The city park Rotehorn is one of the most scenic German garden parks fashioned in English style where the green heart of the city beats. The park was created on an Elbe island in the middle of the city.
Today the Stadtpark is the most popular recreation area for the locals. Particularly in summer locals flock to the park in order to paddle around the Adolf-Mittag-See or to relax in the beer garden, have a drink and enjoy the view of the lake. There are always many sports activities going on in the park, however you can also just relax and stroll along the many winding paths.
At the beginning of the 19th century, the eastern banks of the island were used as a bathing beach after the Cracauer weir was built in 1819. In 1871, the City Council decided that the wild southern part of the island should be transformed into a park landscape. It was again garden director Paul Niemeyer who designed the Stadtpark and supervised its creation on an area which covered 25 hectares. The southern tip of the island, home to old fortress installations which went under the name of Fort XII, and the eastern banks towards the Alte Elbe river arm were excluded from the park area because they were often flooded by the river. They were only included in 1898 following the decisive extension of the park area. Around this time, the Adolf-Mittag-Lake and the temple on the Marieninsel (small island in the middle of the lake) were created.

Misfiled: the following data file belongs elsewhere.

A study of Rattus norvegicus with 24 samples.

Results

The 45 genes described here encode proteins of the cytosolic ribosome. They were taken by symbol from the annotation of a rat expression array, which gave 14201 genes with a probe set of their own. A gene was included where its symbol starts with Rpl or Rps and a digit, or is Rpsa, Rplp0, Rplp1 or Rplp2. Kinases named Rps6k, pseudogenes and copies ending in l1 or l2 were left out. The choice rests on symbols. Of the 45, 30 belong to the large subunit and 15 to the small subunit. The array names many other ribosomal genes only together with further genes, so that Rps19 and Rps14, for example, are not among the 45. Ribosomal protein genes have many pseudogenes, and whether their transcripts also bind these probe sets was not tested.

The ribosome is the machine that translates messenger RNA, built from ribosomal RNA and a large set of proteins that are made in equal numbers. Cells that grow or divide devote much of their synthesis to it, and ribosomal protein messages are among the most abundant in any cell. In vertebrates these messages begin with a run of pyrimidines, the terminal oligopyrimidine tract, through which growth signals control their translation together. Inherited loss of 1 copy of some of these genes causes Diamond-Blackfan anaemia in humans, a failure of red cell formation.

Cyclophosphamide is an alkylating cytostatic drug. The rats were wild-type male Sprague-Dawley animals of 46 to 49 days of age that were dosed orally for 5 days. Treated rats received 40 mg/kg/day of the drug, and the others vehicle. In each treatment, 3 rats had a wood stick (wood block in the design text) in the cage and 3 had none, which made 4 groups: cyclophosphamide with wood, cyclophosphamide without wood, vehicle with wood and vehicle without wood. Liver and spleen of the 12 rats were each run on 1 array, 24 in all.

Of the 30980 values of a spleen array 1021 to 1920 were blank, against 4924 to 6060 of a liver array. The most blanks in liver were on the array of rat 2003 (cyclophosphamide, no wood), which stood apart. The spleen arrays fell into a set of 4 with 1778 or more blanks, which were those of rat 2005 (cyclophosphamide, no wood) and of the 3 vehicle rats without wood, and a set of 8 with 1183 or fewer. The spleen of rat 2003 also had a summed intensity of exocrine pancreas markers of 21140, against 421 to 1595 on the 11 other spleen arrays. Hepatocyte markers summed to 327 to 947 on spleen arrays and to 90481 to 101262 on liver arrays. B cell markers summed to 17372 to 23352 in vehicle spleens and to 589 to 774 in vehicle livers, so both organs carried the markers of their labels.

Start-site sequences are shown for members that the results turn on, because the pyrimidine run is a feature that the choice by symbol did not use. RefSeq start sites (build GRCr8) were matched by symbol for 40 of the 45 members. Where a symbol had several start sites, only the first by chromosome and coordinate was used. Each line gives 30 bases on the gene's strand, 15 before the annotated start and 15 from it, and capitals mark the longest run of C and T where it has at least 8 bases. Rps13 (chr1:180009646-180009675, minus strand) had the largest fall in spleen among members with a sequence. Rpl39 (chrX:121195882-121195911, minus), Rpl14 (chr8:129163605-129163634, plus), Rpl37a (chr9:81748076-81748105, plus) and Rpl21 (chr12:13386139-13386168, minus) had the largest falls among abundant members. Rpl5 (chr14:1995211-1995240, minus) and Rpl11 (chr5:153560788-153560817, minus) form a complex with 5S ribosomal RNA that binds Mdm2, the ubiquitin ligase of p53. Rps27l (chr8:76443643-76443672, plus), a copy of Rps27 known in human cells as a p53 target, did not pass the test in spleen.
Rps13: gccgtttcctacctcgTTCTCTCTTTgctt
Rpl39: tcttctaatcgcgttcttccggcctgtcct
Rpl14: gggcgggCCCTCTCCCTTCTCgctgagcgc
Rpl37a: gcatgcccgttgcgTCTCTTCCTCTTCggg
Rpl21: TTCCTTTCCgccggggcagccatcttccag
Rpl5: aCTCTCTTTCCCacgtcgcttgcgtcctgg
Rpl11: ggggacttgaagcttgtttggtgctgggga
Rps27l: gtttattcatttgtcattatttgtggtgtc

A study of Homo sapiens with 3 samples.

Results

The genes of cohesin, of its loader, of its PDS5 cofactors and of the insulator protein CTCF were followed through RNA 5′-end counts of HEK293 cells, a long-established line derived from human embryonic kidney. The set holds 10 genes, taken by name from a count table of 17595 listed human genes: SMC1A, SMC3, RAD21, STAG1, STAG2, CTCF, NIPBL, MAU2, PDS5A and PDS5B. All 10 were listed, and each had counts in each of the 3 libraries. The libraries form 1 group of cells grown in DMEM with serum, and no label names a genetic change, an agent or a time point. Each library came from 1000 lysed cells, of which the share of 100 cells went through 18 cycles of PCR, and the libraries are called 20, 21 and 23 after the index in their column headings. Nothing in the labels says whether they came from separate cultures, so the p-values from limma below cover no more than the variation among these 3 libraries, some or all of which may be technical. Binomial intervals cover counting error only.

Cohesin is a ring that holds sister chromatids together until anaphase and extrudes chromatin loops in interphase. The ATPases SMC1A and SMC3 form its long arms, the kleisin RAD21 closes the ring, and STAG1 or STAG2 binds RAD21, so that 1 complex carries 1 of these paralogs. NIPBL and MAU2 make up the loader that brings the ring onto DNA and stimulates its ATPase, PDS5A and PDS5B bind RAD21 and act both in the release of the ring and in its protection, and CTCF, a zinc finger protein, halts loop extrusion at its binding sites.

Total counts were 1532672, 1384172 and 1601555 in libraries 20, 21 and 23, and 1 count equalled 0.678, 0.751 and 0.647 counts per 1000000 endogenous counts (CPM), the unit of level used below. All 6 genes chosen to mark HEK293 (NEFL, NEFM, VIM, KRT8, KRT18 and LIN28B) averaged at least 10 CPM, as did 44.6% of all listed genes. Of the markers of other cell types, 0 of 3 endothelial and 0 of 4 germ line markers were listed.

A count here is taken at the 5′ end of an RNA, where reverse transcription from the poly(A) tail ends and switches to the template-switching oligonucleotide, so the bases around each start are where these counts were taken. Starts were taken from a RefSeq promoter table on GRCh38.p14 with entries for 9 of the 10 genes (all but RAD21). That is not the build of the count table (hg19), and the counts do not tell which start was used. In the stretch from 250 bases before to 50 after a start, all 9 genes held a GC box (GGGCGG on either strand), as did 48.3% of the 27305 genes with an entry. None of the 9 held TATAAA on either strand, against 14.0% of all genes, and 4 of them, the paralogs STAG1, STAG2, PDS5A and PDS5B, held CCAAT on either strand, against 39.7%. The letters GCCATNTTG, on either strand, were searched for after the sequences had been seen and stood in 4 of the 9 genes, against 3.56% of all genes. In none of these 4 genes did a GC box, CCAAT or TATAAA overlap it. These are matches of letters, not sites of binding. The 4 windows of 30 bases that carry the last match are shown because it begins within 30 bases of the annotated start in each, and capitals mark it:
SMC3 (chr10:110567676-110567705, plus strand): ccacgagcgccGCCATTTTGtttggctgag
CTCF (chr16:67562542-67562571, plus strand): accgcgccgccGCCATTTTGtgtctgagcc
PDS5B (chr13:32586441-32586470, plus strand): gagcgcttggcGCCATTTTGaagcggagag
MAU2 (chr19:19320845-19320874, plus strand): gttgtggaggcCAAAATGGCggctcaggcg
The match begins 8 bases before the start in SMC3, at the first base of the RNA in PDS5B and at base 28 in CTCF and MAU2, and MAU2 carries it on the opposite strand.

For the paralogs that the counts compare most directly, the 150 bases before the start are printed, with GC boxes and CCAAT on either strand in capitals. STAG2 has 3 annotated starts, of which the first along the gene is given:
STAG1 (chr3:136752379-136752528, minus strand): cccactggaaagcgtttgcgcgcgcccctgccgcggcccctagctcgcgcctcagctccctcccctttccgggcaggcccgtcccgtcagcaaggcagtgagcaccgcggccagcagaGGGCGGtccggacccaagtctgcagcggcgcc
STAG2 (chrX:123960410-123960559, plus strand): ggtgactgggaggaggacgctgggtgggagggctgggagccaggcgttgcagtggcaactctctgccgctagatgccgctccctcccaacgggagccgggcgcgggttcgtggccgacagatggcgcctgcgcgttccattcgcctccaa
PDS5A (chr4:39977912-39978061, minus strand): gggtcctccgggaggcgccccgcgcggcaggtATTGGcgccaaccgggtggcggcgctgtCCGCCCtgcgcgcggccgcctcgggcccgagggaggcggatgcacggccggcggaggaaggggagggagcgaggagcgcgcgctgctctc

The Town Hall Magdeburg, another architectural highlight, can be found in this spacious area. In 1927, the hall was constructed in Bauhaus-style for the occasion of the German theatre exposition which caused considerable international sensation. Later, a view tower soaring to 60m and the Pferdetor were added.